Feb 28, 2013 11:27 AM

    Creating synthetic long stock lets you open an options-based position that behaves exactly like 100 shares of stock, but without requiring you to invest in shares. This also means that market risk is quite limited, because you have less cash sitting in the position.

    An example: You want to buy 100 shares of stock which closed at $60.39 last night. But you don't want to risk $6,039 to buy those shares and tie up capital. The solution is to create a synthetic long stock position in options.

    The following options were available:

    September 60 call 2.00

    September 60 put 1.52

    The synthetic long stock position consists of buying the call and selling the put at the same expiration. This position gives you a good tracking mechanism for very little cost. You buy the 60 call and sell the 60 put:

    BUY September 60 call 2.00

    SELL September 60 put -1.52

    Net cost $0.48

    This does not include transaction costs, so a real-life example has to be adjusted to reflect the actual net cash outlay. The chart below summarizes the values of each option at expiration, compared to the value of 100 shares of stock at different closing prices:

    Price at September 100 shares

    Expiration 60 call 60 put Net of stock

    $65 + 3.00 + 1.52 + 4.52 + 4.61

    64 + 2.00 + 1.52 + 3.52 + 3.61

    63 + 1.00 + 1.52 + 2.52 + 2.61

    62 0 + 1.52 + 1.52 + 1.61

    61 - 1.00 + 1.52 + 0.52 + 0.61

    60 - 2.00 + 1.52 - 0.48 - 0.39

    59 - 2.00 + 0.52 - 1.48 - 1.39

    58 - 2.00 - 0.48 - 2.48 - 2.39

    57 - 2.00 - 1.48 - 3.48 - 3.39

    56 - 2.00 - 2.48 - 4.48 - 4.39

    55 - 2.00 - 3.48 - 5.48 - 5.39

    The slight differences in outcome between the net option positions and the equivalent stock values are caused by the net difference of both stock values and option cost:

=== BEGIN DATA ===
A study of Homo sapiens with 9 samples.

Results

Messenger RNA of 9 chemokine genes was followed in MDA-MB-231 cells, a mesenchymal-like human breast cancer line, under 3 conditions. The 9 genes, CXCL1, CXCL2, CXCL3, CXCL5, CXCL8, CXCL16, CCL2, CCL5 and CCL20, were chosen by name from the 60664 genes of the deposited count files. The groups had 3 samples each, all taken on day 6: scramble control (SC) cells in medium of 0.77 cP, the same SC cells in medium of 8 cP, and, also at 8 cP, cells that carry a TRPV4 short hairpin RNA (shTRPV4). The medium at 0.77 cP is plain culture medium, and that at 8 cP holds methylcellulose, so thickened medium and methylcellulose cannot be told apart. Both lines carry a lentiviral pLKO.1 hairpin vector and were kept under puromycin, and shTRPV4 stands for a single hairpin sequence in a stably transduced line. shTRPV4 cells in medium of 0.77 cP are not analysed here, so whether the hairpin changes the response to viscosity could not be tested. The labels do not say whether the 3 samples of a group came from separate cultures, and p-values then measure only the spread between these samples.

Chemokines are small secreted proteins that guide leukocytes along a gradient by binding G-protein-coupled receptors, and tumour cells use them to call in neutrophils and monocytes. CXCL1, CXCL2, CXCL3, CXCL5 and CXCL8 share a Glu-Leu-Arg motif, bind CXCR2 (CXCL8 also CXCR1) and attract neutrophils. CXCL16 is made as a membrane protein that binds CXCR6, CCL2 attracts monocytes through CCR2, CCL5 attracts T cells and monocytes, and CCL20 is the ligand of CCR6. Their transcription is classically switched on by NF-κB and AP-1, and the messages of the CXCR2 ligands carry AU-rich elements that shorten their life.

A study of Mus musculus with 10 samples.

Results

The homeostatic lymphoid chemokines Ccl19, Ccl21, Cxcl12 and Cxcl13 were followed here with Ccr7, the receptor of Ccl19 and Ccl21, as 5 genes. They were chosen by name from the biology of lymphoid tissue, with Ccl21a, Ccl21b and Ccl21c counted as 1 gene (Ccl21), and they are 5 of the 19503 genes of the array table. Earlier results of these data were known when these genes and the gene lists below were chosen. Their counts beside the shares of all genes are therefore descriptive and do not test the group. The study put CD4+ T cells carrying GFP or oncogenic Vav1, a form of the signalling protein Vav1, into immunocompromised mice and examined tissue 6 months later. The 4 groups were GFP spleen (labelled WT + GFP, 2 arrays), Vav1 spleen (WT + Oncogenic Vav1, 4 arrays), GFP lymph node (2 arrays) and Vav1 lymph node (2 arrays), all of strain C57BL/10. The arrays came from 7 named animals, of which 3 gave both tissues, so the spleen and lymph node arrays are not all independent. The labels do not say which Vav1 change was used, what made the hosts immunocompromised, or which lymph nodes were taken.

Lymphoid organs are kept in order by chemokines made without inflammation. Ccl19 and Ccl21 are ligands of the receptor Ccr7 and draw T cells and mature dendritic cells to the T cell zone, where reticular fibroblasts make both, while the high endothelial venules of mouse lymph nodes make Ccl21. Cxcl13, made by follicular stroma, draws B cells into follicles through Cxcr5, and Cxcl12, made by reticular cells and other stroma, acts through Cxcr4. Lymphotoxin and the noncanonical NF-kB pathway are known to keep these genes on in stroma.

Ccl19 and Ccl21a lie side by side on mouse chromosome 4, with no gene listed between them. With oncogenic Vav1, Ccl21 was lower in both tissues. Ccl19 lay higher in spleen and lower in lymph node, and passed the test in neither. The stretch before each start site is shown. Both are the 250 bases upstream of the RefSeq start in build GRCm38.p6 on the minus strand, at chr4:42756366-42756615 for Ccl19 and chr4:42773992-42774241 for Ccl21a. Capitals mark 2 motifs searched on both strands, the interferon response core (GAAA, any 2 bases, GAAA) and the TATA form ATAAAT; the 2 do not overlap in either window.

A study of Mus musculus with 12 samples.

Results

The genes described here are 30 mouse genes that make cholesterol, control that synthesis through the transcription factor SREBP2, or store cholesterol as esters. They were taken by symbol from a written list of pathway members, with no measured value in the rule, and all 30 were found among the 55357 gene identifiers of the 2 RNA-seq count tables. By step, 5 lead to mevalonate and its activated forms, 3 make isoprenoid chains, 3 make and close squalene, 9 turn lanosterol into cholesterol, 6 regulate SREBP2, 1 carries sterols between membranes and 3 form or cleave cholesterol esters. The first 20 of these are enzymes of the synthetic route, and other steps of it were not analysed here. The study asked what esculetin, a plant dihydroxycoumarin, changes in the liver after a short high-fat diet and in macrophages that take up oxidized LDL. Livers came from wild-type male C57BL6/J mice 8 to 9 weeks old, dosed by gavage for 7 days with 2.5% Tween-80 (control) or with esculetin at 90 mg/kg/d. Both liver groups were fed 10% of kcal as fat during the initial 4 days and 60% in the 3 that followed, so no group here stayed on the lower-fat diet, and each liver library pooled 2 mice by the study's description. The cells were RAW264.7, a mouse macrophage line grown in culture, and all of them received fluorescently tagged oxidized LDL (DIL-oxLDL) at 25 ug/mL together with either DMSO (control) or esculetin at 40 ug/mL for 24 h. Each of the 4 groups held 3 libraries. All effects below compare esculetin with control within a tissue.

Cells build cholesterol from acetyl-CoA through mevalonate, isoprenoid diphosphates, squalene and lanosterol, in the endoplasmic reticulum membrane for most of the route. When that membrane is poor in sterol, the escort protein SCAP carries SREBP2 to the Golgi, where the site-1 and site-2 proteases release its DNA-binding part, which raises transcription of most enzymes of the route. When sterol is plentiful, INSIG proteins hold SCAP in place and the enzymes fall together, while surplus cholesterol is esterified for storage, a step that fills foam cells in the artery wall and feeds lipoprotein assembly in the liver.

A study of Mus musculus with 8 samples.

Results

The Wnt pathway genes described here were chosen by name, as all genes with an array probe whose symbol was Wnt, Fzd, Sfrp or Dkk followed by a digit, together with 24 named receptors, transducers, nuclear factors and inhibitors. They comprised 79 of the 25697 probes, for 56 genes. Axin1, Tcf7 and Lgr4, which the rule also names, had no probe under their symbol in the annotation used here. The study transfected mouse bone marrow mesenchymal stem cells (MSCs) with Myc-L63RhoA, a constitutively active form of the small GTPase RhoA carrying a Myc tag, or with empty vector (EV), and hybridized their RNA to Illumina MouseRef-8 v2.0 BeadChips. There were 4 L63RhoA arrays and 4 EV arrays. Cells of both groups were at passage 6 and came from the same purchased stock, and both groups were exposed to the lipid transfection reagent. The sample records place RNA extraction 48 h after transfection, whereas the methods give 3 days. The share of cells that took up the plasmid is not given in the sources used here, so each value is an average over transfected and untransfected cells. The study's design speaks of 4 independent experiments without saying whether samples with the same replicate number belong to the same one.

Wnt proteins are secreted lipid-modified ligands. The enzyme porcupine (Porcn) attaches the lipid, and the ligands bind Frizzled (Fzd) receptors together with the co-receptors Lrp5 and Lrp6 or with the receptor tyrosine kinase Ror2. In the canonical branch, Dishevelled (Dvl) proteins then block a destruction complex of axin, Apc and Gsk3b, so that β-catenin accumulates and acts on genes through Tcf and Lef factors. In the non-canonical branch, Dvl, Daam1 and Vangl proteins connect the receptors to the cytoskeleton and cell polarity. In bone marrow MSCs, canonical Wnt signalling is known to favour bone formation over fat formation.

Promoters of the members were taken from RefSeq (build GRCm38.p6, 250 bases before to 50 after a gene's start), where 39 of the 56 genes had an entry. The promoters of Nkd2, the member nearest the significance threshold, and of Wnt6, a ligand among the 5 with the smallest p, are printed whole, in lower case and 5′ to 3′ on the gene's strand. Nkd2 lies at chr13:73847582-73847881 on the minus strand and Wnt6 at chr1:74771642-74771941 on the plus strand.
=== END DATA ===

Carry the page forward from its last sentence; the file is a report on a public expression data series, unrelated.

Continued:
Cost of the synthetic stock position 0.48

    Minus: Stock current value at opening price

    adjusted to strike price of 60 - 0.39

    Net difference 0.09

    This net difference accounts for the nine-cents per share difference at each price point, between synthetic long stock and the value of 100 shares of stock.

    The synthetic long stock position costs under $100 even with brokerage fees for the two sides of the position. In comparison, you need over $6,000 to buy 100 shares. However, the options position acts exactly like the stock for much less capital at risk. This is a truly effective application of leverage, but with much less risk. Synthetic positions are easily overlooked or ignored in the options world. But it opens up a range of potential for swing traders and would-be stock investors. The synthetic short stock position also offers a relatively low-risk alternative to shorting stock.

    Synthetics deserve careful consideration. These positions can solve many problems relating to both risk and capital management.

    To gain more perspective on insights to trading observations and specific strategies, I hope you will join me at where I publish many additional articles. I also enter a regular series of daily trades and updates. For new trades, I usually include a stock chart marked up with reversal and confirmation, and provide detailed explanations of my rationale. Link to the site at to learn more.

    I also offer a weekly newsletter subscription if you are interested in a periodic update of news and information and a summary of performance in the virtual portfolio that I manage. All it requires is your e-mail address. Join at Weekly Newsletter I look forward to having you as a subscriber.